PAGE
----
Thursday, September 24, 2009

"Runaway melt" on Antarctica

A "runaway melt" on Antarctica? That is what a new study says, using the best satellite information available.


"Dynamic thinning of Greenland and Antarctic ice-sheet ocean margins is more sensitive, pervasive, enduring and important than previously realized," researchers wrote in the paper published online Wednesday in the peer-reviewed journal Nature.
The study said that the melting effect is only getting worse.
In parts of Antarctica, the yearly rate of thinning from 2003 to 2007 is 50 percent higher than it was from 1995 to 2003.

These new measurements confirm what some of the more pessimistic scientists thought: The melting along the crucial edges of the two major ice sheets is accelerating and is in a self-feeding loop. The more the ice melts, the more water surrounds and eats away at the remaining ice.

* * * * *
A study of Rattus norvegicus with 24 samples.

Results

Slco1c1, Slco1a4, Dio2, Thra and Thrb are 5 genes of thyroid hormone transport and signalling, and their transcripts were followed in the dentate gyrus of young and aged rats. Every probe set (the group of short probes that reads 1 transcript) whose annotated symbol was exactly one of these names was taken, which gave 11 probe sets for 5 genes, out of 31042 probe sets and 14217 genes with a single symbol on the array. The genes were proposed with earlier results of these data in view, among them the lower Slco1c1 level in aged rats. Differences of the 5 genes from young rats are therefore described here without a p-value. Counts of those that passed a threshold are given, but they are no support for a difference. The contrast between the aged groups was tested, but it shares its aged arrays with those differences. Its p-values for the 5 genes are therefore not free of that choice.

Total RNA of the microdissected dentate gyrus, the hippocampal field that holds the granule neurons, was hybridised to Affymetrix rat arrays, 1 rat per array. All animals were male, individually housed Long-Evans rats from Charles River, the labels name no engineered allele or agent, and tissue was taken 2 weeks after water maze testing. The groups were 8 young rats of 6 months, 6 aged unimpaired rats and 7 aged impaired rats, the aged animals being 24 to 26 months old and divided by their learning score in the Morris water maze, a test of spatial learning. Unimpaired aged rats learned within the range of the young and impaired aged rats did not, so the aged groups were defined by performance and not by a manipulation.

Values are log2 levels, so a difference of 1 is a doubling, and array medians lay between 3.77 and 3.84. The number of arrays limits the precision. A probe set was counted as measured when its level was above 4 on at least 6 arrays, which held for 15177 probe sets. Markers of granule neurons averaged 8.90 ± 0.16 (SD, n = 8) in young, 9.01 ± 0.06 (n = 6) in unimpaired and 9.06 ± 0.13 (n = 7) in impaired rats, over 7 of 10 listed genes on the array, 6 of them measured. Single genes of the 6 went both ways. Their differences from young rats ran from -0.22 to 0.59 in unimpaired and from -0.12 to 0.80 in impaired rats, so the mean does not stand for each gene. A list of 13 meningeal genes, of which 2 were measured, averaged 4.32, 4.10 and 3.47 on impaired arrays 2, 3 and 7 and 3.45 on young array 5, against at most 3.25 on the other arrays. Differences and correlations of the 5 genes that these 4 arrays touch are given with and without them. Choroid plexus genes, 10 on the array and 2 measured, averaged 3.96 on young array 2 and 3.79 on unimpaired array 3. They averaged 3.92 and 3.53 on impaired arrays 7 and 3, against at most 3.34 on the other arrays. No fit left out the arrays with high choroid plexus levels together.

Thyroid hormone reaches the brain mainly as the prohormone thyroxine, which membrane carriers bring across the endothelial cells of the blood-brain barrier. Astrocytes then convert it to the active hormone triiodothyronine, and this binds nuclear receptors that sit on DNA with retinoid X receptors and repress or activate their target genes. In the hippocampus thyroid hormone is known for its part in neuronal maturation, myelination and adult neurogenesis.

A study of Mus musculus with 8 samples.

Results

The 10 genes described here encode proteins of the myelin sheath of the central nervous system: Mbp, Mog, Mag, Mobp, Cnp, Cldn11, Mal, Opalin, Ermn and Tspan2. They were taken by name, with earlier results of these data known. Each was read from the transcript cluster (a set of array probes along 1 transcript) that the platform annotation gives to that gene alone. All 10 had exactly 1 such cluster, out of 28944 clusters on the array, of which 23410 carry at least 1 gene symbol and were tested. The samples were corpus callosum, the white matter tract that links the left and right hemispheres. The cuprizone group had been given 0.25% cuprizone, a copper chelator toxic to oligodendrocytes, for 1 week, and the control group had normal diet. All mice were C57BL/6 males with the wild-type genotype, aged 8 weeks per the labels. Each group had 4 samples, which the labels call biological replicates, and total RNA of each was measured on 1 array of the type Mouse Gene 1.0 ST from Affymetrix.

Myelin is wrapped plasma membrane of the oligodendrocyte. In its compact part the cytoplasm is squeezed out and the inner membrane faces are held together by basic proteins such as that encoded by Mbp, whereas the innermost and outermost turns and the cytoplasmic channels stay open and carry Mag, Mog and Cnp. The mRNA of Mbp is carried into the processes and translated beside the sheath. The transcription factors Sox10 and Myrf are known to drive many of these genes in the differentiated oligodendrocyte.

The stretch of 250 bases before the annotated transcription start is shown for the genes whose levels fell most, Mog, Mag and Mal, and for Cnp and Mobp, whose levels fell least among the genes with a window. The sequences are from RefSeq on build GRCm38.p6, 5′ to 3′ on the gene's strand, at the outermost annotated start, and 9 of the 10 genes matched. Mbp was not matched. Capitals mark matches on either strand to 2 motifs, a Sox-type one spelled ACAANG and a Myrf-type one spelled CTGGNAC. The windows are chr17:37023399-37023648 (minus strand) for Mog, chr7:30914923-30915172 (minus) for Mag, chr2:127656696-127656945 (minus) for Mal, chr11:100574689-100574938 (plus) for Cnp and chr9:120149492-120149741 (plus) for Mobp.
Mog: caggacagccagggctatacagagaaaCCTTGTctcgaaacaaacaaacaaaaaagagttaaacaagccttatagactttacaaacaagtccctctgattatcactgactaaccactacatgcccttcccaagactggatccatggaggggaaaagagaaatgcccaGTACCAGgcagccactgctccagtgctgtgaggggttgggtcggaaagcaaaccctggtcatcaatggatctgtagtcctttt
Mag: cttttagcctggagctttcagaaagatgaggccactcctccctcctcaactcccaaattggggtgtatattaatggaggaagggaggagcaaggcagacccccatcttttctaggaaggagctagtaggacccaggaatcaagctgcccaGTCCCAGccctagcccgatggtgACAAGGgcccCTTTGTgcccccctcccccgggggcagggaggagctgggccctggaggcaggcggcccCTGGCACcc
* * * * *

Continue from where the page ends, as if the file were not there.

The cause? That would be global warming. Every time a new study comes out about the state of ice sheets around the world, the diagnosis is worse. Clearly the problem is not getting any better any time soon, especially not without action from our leaders.

This week at the G-20 in Pittsburgh, groundwork can be laid for an agreement to be made in December in Copenhagen. But before that we have a chance to take the lead right here in America.

Soon the Senate will consider comprehensive clean energy and climate legislation and, as this study shows, time is running out. We can help reduce global warming pollution, while helping to create millions of jobs and strengthening our economy.

Without action we will be running away too - from the coast.